President Trump has privately mulled at least three potential replacements for chief of staff John Kelly.

The list: House Majority Leader Kevin McCarthy, OMB chief and acting CFPB head Mick Mulvaney and businessman Tom Barrack. ABC News first reported the list earlier Friday.

What we're hearing:

  • Sources close to McCarthy and Mulvaney tell me they don't believe any discussions have happened recently with the president that would lead them to think any such change is imminent.
  • But Trump has been quietly sounding out friends, asking them what they think of Mulvaney and McCarthy. He often doesn't make it clear why he's asking the question; and friends sometimes make the logical leap because Trump privately disparages Kelly and vents his frustration about the chief.
  • In a recent conversation with Barrack, Trump asked his longtime friend whether he would ever consider coming in and serving as chief of staff. Barrack replied that it would ruin their friendship and that he thought Kelly was doing a good job, according to a source familiar with the conversation.

What happens next: Nobody knows. But the idea that a change could happen imminently simply doesn't gel with my reporting. The conversations are too loose, and it doesn't appear that Trump is settled on a solution. Also, Trump hates firing people and it would probably require Kelly to offer his resignation. (Something the White House says has not happened.)

Bottom line: Two things appear to be clear:

  1. Kelly's term as chief is entering a wintry period. This is almost inevitable when you work for Trump. (Just ask Jeff Sessions and Rex Tillerson.) But it doesn't necessarily mean you'll lose your job. (Just ask Jeff Sessions and Rex Tillerson.) 
  2. Kelly has lost the support — though never lost the essential respect —of a good deal of the White House staff.

Go deeper

Updated 1 hour ago - Politics & Policy

Harris breaks tie as Senate proceeds with lengthy debate on COVID relief bill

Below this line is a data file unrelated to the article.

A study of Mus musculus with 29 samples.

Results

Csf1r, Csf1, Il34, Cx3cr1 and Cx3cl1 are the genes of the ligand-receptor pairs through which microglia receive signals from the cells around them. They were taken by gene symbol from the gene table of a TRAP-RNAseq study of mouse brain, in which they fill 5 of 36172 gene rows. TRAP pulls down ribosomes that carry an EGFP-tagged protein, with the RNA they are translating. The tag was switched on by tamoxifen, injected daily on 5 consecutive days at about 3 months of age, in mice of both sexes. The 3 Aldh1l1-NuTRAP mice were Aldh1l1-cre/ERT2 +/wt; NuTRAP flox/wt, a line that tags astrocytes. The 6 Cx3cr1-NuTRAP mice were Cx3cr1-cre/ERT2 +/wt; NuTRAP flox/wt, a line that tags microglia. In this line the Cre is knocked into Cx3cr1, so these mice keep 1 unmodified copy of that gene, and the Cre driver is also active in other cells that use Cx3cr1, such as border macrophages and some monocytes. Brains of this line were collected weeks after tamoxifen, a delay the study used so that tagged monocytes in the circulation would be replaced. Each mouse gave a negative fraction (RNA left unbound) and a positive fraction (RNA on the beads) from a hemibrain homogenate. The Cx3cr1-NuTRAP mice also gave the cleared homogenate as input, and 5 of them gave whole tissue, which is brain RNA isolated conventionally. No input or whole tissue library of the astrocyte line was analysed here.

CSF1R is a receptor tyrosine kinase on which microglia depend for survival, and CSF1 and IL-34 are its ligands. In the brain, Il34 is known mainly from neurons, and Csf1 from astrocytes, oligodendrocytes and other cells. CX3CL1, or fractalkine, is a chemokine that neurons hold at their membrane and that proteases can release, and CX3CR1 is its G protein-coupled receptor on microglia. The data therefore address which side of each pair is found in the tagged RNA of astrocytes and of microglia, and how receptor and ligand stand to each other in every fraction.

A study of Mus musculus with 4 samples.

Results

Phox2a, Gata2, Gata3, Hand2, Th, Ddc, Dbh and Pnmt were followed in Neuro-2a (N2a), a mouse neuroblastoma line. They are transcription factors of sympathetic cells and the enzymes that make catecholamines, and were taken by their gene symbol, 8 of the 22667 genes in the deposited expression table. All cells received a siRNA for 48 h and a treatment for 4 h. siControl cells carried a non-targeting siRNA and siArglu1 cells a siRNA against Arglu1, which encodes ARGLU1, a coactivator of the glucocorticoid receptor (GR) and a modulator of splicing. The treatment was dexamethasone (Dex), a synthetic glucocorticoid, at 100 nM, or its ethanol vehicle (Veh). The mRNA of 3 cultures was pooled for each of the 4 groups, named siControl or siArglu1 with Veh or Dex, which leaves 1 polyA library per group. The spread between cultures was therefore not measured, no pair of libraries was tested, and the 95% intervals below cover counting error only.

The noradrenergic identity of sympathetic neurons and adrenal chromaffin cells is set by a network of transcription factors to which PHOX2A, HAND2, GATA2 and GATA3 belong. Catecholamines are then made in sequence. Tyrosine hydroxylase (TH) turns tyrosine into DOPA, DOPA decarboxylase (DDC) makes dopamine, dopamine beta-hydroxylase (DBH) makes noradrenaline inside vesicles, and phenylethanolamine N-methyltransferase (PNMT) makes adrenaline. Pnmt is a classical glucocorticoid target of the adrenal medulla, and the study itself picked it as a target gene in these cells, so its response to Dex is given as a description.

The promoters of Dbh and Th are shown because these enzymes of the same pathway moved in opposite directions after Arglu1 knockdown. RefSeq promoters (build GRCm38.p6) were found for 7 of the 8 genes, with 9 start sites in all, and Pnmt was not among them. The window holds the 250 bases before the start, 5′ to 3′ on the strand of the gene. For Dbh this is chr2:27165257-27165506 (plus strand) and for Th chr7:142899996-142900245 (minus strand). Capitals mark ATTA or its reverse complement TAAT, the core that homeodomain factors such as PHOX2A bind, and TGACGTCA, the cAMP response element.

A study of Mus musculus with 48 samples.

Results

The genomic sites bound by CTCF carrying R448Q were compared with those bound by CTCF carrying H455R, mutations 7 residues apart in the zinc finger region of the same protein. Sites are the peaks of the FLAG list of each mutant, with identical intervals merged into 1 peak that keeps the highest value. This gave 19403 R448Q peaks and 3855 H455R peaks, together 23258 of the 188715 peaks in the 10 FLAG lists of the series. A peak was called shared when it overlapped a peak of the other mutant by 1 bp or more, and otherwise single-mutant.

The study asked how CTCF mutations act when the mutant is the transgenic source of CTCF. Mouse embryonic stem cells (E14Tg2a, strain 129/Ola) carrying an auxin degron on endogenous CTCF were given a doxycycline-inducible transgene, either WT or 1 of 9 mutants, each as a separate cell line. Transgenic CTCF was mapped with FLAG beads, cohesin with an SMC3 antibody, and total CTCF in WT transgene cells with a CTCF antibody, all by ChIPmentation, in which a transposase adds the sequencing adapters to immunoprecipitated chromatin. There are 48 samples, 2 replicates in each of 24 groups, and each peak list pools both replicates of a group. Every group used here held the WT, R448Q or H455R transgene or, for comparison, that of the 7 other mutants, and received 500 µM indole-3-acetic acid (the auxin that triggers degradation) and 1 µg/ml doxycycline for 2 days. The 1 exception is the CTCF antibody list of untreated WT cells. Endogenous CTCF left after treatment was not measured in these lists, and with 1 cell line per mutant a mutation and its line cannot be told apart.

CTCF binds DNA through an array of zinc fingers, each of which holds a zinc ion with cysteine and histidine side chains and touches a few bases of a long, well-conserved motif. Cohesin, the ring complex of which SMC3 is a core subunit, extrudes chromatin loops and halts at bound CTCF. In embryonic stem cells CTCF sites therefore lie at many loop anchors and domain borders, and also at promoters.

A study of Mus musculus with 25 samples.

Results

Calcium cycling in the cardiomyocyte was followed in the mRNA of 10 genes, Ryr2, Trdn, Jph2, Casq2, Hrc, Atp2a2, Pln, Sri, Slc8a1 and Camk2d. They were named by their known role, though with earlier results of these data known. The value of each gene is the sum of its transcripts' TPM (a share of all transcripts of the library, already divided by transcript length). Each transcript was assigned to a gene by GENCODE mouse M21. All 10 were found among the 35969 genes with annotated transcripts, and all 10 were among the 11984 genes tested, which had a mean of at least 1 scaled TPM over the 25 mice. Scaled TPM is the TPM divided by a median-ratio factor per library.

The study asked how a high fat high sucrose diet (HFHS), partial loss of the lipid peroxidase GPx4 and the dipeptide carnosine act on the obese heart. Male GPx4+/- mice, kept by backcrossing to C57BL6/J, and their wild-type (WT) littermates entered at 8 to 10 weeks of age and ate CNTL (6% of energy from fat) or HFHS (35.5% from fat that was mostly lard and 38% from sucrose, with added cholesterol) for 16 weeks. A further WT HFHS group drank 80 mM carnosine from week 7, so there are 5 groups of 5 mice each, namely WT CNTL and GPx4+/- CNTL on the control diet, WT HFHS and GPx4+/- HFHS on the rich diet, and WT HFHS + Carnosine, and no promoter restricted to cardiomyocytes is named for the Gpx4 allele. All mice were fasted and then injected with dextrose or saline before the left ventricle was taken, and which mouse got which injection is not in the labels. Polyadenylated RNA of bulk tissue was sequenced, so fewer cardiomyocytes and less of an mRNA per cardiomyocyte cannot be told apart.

Photo: Oliver Contreras/Bloomberg via Getty Images

The Senate on Thursday voted 51-50 — with Vice President Kamala Harris breaking the tie — to proceed to debate on President Biden's $1.9 trillion coronavirus rescue package, likely setting up a final vote this weekend.

The state of play: Sen. Ron Johnson (R-Wis.) is forcing the Senate clerk to read the entire 628-page bill on the floor, a procedural move that will likely add 10 hours to the 20 hours already allotted for debate.

2 hours ago - World

Netanyahu campaigns against Biden's plan to save Iran deal

Netanyahu campaigns at a gym last month. Photo: Pool/AFP via Getty

Israeli Prime Minister Benjamin Netanyahu indirectly criticized the Biden administration for its intention to return to the Iran nuclear deal and told his supporters he was prepared to "stand against the entire world" to stop it.

Why it matters: This is a major change of tune for Netanyahu, who had been careful in his statements on the Iran deal and avoided publicly criticizing President Biden. The statement was part of Netanyahu's attempt to rally his base ahead of Israel's election on March 23.

Updated 2 hours ago - Politics & Policy

Coronavirus dashboard

Illustration: Aïda Amer/Axios

  1. Tech: "Fludemic" model accurately maps COVID hotspotsVirtual doctor's visits and digital health tools take off.
  2. Politics: Schumer says Senate will stay through weekend to vote on COVID relief — Republican governor of West Virginia says there's no plan to lift mask mandate.
  3. World: Canada vaccine panel recommends 4 months between doses.
  4. Business: Firms develop new ways to inoculate the public.
  5. Local: Ultra-rich Florida community got vaccinations in January.